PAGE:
It's been close to a decade since New York City's Metropolitan Opera was broadcast on Savannah airwaves, and now the city's only true community radio station is bringing it back.
Savannah Soundings (WRUU 107.5) has brokered a deal to air the longest-running continuous classical music program in the history of radio every Saturday at 1 p.m. beginning Dec. 2 and running through May. They will be only the second low-power FM station in the U.S. to broadcast the opera. You can also buy a ticket to watch high-definition screenings of the operas at local multiplexes in the region - but the WRUU broadcast won't cost a thing.
The Met's broadcast debuted in December 1931 and is currently heard on more than 300 stations in the United States and in 40 countries on five continents. The program, which features full operas performed by the world's preeminent musicians, has won several Peabody Awards.
Since WRUU's broadcast began streaming online in March 2016, the fledgling station has doubled the amount of original content. In March of this year, they went live on the radio dial. The majority of programming is locally focused with a sliver of syndicated material. The station now boasts more than 50 shows, with the weekly opera adding to the wide spectrum of offerings.
"It's really exciting to see everyone's interest," said Douglas Johnson, chair of the WRUU executive task force. "We have a super diverse list of programs. We have a wide variety of talk shows and music shows. It's been really heartening to see the growth on the program side.
"It's also really exciting for me to see to the degree that our schedule represents the makeup of Savannah. All different portions of our community are represented in this schedule."
Johnson added that the station has become a sort of "incubator of cultural expression."
"It's exciting for me to see how the station has become a hub for artists, activists and organizations to use as this place to talk about their work and get it out to people."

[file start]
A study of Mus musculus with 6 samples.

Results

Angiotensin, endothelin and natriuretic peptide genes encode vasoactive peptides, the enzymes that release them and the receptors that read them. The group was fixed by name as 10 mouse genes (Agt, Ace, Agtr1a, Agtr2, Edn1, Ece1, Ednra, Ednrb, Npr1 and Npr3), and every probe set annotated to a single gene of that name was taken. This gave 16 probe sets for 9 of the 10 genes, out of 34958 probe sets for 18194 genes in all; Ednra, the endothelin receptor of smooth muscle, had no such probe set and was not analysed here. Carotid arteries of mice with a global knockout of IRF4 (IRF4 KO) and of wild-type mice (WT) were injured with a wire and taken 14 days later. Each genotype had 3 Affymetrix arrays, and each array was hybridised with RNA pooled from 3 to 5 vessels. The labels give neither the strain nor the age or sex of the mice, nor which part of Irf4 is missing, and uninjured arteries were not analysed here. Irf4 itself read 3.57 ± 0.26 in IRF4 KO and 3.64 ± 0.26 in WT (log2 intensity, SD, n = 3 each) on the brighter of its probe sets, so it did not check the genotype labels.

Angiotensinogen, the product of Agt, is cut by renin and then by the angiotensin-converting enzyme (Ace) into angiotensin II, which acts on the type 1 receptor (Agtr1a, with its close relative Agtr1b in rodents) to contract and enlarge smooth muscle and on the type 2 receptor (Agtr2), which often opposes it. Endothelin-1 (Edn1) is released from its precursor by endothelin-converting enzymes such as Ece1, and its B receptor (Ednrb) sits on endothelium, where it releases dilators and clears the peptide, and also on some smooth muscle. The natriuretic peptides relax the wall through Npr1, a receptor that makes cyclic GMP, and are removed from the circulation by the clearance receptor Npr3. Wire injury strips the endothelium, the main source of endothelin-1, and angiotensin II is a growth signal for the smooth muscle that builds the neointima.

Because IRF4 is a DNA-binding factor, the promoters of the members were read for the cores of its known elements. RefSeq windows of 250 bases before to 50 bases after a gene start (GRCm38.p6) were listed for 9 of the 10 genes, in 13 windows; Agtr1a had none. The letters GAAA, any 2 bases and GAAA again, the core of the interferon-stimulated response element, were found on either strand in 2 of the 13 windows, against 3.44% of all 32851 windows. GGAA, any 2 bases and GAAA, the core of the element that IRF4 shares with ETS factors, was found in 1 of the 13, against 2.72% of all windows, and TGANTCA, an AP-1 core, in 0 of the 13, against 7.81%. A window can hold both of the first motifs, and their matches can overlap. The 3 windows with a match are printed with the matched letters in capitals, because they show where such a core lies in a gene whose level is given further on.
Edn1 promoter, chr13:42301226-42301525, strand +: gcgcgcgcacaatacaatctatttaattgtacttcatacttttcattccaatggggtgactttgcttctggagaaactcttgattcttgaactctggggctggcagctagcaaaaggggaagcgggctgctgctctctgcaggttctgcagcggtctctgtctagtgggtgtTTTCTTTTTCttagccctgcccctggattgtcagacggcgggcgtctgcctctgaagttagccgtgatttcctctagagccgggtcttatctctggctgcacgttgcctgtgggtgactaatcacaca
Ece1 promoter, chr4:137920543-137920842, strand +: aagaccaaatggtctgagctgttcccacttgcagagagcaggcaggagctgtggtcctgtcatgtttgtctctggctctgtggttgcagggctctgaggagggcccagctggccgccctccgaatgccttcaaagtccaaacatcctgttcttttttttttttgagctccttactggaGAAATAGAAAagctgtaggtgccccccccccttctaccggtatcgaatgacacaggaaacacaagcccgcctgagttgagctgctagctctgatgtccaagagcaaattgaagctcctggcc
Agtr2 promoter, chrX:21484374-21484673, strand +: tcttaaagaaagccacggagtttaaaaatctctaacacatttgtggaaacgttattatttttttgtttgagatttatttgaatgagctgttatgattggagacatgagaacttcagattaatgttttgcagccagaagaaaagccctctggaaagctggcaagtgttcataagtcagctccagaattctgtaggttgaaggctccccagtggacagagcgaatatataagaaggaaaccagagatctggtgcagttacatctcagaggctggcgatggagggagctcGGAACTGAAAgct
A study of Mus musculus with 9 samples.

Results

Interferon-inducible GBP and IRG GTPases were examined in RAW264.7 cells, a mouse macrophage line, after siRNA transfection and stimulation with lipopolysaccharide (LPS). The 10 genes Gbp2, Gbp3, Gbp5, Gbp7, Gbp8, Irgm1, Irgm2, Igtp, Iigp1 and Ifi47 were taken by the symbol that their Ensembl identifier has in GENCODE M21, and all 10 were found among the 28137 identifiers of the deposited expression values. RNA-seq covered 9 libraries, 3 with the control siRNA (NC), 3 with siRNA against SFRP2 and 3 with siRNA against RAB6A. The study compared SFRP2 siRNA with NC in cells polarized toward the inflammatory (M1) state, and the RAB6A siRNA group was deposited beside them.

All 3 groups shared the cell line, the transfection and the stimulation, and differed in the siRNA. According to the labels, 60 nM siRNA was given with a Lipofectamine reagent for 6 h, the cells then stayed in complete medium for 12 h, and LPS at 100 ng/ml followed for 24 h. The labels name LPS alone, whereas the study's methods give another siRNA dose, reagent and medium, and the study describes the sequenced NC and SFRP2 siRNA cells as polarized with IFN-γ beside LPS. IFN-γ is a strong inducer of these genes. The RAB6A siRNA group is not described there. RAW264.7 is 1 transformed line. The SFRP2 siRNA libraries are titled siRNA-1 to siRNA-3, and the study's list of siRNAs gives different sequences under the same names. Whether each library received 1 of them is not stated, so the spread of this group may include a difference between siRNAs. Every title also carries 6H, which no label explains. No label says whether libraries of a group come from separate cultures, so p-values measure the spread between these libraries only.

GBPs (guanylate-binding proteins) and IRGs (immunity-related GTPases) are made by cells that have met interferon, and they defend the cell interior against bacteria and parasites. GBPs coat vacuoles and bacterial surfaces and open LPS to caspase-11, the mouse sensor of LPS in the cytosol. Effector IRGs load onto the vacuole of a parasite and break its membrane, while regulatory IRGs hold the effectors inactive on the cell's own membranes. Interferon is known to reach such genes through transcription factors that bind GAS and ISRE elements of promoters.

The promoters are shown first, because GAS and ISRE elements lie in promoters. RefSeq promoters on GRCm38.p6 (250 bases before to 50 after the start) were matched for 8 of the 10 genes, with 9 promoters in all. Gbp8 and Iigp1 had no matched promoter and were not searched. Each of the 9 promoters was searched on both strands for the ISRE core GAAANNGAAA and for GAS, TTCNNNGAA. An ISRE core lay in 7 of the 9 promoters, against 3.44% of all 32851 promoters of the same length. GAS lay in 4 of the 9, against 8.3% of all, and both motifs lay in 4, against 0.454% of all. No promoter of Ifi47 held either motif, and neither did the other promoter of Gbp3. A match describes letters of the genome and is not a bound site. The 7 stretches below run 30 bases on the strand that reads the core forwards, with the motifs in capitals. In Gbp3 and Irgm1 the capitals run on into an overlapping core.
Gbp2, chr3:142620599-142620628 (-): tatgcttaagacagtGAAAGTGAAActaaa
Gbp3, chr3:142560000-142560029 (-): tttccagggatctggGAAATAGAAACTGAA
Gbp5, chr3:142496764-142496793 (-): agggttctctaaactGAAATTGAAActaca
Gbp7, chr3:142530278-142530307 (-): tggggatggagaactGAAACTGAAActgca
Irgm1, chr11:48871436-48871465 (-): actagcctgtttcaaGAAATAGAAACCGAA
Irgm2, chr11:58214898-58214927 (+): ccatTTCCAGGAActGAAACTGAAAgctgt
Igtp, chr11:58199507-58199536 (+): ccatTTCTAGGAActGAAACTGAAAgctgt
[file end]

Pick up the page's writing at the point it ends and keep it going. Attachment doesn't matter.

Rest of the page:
The all-volunteer station just finished its first membership drive, including one show host playing a fundraising concert. As the station grows, it's become more embedded in the community, experiencing organic growth they hadn't expected.
"We ended up raising more money than we thought we would with the membership drive," Johnson said. "That money is going to help us stay on the air. It was also great to see the extent of support we got from a broad spectrum of the community. It was our first on-air fundraising drive.
"Not only did we manage to raise an amount of money, but it was good to see the hosts doing it. Now that it's over, in retrospect, we can see it engendered this team spirit at the station that wasn't there. It made the project real in a way."
WRUU is taking a bit of a gamble with the Met broadcast, which does cost the station money. They're betting on the opera to help draw more listeners and supporters.
"Grand opera in its entirety is arguably the most under-represented art form in Savannah media today. There was an opportunity to do something that aligned with our mission and also, the Met is the preeminent opera company in the United States. It's an American radio tradition," Johnson said.
"WRUU really believes that a world-class town like Savannah should have access to world-class art. So carrying these broadcasts is like our gift to Savannah.
"We also hope that those individuals interested in the arts in Savannah will want to support the station to help continue these broadcasts. We are convinced that this is the right thing to do, but like everything else, we're completely listener funded. We're totally volunteer. This is a risk for us and a test for us.
"How will the community respond to this? If we give this gift, how will it be received? I am confident it will be received well."
WRUU 107.5 FM broadcasts The Metropolitan Opera at 1 p.m. Saturdays from Dec. 2-May 5. Learn more at wruu.org or metopera.org.